Can tourney crop push Lombard?
If Hector Lombard chooses to re-sign with Bellator, which is no sure thing, his first fight under a new deal would likely take place against the winner of the promotion's current middleweight tournament.
"One of the things that I promised Hector I would do is dramatically enhance the qualitative level of the fighters that were competing to challenge him for the title," Bellator CEO Bjorn Rebney told me last week.
Since Lombard won the belt in 2009, only Alexander Shlemenko has challenged the Cuban. Otherwise, Trevor Prangley, Falaniko Vitale, Herbert Goodman and Jay Silva stood opposite Lombard (31-2-1) in non-title or catch-weight fights.
Has Rebney lived up to his word? Can he considering the realities at play?
Last week in this space I wrote that the biggest challenge Bellator faces is elevating fighters' relevance and prominence as compared to their counterparts in the UFC. There are forces working against that, not the least of which is the difficult task of selling Bellator as a place where fighters are continually tested by top-class competition.
Recognizing he's vested in Lombard's status, Rebeny believes he has under his promotional control the top middleweight in MMA -- placing him among a tiny contingent who'd dare to say such a thing with Anderson Silva still walking the earth.
It's impossible to say know how good he is until he fights someone.
While Bruno Santos, Brian Rogers, Vyacheslav Vasilevsky and Maiquel Falcao appear, in one fashion or another, capable of providing the explosive champion with competitive matches, chances are high that regardless of who emerges, fans won't care much and media will continue to gloss over Lombard's place in the division.
I tend to doubt the current crop of potential challengers, which was whittled to four Friday, represent appreciable or perceptual improvements over Shlemenko. We'll have a better idea pending results of April 20's semifinals in Cleveland. But, again, the remaining fighters aren't ranked. None are known (expect perhaps for Falcao, and only because he fought once in the UFC and won). And, as I see it, none can totally deliver on Rebney's promise.
Bellator 61 grades
Brian Rogers, i.e. not a man to be hit by, scored a KO-of-the-year caliber knockout against Vitor Vianna (12-3) on Friday. His quarterfinal victory marked eight first-round stoppages in nine career wins. "The Predator" (9-3), hailing from Independence, Ohio, hammered Vianna with a right cross and ended the bout with a perfectly timed and well-placed knee to the chin. The 28-year-old middleweight's performance was all the more impressive because it came during his first fight since a technical knockout loss in October.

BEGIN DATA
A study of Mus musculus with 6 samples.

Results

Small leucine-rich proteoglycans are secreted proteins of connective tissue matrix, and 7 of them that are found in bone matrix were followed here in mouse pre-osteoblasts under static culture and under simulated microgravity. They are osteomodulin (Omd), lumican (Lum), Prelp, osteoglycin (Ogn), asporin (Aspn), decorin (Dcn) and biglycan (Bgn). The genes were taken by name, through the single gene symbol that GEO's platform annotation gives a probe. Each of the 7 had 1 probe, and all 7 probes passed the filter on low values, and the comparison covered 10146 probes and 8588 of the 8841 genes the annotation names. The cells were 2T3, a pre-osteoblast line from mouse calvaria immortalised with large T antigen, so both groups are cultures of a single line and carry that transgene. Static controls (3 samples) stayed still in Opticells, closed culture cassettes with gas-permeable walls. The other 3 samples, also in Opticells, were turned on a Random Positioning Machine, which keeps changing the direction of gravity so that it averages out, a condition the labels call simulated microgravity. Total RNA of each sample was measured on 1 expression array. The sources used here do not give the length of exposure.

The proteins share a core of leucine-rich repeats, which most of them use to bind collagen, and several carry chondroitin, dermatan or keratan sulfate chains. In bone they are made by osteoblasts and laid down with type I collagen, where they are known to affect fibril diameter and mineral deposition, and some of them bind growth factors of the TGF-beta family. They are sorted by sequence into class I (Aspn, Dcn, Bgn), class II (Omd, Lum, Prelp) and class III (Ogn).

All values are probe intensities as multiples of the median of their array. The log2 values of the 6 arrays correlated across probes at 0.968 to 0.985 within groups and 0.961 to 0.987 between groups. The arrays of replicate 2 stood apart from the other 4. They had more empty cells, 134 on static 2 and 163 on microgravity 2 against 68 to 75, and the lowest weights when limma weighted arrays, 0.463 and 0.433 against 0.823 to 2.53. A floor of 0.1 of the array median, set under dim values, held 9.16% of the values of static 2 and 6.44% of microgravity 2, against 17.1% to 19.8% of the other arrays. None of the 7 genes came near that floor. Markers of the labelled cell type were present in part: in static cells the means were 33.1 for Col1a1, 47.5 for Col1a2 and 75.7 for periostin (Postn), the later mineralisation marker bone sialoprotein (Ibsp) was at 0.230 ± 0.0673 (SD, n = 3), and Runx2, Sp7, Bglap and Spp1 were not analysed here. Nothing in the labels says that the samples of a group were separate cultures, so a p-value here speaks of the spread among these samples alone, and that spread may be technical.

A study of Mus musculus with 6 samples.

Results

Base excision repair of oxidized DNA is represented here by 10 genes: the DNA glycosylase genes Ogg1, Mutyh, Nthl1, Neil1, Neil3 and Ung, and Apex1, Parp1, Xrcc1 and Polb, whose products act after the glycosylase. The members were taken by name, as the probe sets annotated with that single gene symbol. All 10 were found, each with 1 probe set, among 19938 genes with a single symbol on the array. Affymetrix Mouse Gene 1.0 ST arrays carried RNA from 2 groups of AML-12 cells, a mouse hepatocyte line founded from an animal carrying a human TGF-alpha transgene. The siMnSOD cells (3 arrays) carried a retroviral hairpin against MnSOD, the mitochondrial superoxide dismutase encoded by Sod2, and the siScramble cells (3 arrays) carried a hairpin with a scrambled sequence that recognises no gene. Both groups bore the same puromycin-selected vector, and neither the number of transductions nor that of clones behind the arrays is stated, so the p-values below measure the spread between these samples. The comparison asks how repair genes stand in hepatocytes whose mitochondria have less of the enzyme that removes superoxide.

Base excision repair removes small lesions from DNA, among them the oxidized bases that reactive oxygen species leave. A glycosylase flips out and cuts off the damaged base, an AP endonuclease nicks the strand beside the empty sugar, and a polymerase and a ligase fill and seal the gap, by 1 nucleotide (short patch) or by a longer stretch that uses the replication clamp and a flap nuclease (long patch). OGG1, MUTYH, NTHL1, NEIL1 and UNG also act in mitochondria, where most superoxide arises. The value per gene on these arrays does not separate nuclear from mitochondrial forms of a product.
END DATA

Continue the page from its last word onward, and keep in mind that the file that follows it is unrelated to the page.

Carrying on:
Fighting away from European soil for the first time (and outside Russia for the second), Vyacheslav Vasilevsky took it to Victor O'Donnell (11-4). Judges registered scores of 29-28 across the board, but many pundits, including yours truly, saw the three-round affair as lopsided as 29-26 or even 30-25. Vasilevsky (16-1) battered O'Donnell throughout the final two rounds, though for all the ground-and-pound he unleashed, he failed to put away the American. I liked what I saw from the young Russian. Will he prove to be a carbon copy of Shlemenko? He's bigger and better versed on the floor. That's a positive sign.
The best action the quarterfinals came when Bruno Santos, 24, battled 40-year-old armbar king Giva Santana (17-2). Built similarly to the UFC's stout Rousimar Palhares, Santos did well to avoid Santana's submission game. He played it close to the vest on the ground, and muscled Santana around on the feet. The older fighter didn't go away easily, though, and tested Santos in the striking department. If Rogers hits Santos with the same sort of shots Santana landed against him, it could quite easily be the final time Santos enters a fight unbeaten.
Maiquel Falcao (29-4) got off to a solid (albeit confusing) start. While he was clearly better than Frenchman Norman Paraisy (10-2), the 31-year-old Brazilian declined to press for a finish even when it was his for the taking in Round 2. There will be a price to pay if he steps off the gas against better competition, and Vasilevsky shouldn't be dismissed in that regard. Falcao did what he needed to do, which in a tournament situation is all that matters. He must do better moving forward, though.
Josh Gross covers MMA for ESPN.com. Follow him on Twitter at JoshGrossESPN.